The Great Con: Political Correctness Has Marginalized the Working Class
November 18, 2016
So when the protected class of well-paid institutional "progressives" speak darkly of "reversing 40 years of social progress," what they're really saying is we're terrified that the bottom 95% might be waking up to our Great Con of identity politics and political correctness.
To understand the Great Con of political correctness, we must first grasp the decline of the working class (self-described as "the middle class"), i.e. those who must sell their labor to earn their livelihood.
Labor's share of the national economy has been declining for 46 years:
So where has the wealth that's been generated ended up? In the hands of the .1%:
And where did the wages gains end up? In the top 5% technocrat/ managerial class:
And what is the technocrat/ managerial class response to this staggering decline in wealth and wages suffered by the bottom 95%? Political correctness.
Let's look at political correctness and identity politics through the lens of class warfare and class consciousness. Those enjoying enormous gains in wealth and income have a problem: they must fragment and distract the bottom 95% who have lost income and wealth to the top 5%, lest the bottom 95% realize:
1. We have lost the undeclared economic war
2. We have more in common economically with others in the bottom 95% than we do with our neofeudal technocrat/ managerial overlords.
This unifying class consciousness would threaten the wealth, power and perquisites of the neofeudal technocrat/ managerial class, so they had to undermine an economic awareness of class.
They found the perfect weapon in identity politics and political correctness. What better way to fragment the working class than to carve it into cultural subclasses that could be manipulated into declaring war on each other?
What better way to mask the collapse of working class political agency than to distract the bottom 95% with fake-Progressive double-speak about "empowerment," "safe spaces" and "micro-aggression"?
The heart of the Great Con of identity politics and political correctness is a tragic irony: the more wealth, income and power that slip through the fingers of the bottom 95%, the more their overlords rely on social "empowerment," as if a "safe space" on campus is a substitute for real political and economic agency.
That's the Great Con of political correctness: using worthless speech acts about empowerment to distract the working class from its disempowerment in the real world. No amount of "safe space" and happy talk about empowerment can replace meaningful opportunities for economic security and advancement--precisely what is abundant for the protected technocrat/ managerial class and scarce for the unprotected 95% that's been sold down the river.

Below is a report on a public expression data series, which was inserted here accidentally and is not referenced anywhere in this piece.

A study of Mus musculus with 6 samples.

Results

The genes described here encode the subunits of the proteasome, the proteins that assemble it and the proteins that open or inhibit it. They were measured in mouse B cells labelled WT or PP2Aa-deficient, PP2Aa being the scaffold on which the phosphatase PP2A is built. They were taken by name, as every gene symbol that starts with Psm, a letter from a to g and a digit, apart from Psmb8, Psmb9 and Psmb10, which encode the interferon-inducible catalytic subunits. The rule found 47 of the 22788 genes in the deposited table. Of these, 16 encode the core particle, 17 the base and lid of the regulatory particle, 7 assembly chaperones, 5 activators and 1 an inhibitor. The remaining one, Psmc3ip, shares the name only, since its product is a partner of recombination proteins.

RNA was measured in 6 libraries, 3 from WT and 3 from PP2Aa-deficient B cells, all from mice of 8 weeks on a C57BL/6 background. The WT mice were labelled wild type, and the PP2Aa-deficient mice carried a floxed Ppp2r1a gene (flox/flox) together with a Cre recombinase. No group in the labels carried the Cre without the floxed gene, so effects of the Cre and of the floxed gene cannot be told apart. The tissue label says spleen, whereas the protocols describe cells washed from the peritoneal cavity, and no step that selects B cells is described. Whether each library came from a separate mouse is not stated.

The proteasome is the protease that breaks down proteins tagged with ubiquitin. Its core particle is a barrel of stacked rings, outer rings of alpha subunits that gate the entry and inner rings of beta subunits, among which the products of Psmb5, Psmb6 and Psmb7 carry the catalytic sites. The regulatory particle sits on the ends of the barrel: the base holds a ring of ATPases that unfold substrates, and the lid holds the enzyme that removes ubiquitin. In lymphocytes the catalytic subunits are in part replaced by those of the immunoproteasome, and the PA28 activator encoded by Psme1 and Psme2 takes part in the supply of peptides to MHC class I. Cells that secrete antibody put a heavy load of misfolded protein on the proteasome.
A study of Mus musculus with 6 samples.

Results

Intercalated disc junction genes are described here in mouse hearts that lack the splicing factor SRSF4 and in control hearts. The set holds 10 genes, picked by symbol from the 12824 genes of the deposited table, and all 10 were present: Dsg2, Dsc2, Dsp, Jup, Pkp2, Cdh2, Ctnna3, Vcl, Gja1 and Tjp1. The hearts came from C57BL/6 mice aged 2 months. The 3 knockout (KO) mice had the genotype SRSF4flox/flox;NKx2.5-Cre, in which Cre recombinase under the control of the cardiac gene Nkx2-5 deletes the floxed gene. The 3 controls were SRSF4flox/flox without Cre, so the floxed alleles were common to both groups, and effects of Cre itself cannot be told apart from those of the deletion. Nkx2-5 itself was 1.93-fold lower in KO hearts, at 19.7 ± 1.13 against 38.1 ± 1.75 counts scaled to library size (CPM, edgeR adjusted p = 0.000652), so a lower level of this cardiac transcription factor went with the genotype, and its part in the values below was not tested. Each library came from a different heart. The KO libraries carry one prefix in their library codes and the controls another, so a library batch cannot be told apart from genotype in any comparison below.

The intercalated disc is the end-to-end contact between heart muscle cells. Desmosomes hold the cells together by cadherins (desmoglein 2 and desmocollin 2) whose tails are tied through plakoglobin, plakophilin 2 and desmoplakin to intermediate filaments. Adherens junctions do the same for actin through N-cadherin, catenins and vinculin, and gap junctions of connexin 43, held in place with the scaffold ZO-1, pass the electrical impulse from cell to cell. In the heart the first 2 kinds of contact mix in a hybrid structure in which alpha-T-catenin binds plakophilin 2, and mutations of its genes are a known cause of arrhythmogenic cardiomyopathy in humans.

The propaganda beauty of class-consciousness-destroying political correctness is its deceptive claim of "progressive." If you set out to design the perfect tool to enforced neofeudalism (the political and economic dominannce of the protected few at the expense of the exploited many), you'd choose an Orwellian fake-Progressive agenda of cultural fragmentation and conflict that undermines any class consciousness of shared economic disempowerment.
This is why the protected technocrat/ managerial class is freaking out about Trump's victory: the inchoate sense that the few have profited at the expense of the many is an expression of an emergent class consciousness that has the potential to threaten the neofeudal dominance of the New Nobility and its self-serving technocrat/ managerial class.
So when the protected class of well-paid institutional "progressives" speak darkly
of "reversing 40 years of social progress," what they're really saying is we're
terrified that the bottom 95% might be waking up to our Great Con of identity politics
and political correctness.
Join me in seeking solutions by becoming a $1/month patron of my work via patreon.com.
My new book is #8 on Kindle short reads -> politics and social science: Why Our Status Quo Failed and Is Beyond Reform ($3.95 Kindle ebook, $8.95 print edition) For more, please visit the book's website.
NOTE: Contributions/subscriptions are acknowledged in the order received. Your name and email remain confidential and will not be given to any other individual, company or agency.
Thank you, Edgar S. ($10/month), for your outrageously generous subscription to this site-- I am greatly honored by your support and readership.
Discover why Iím looking to retire in a SE Asia luxury resort for $1,200/month.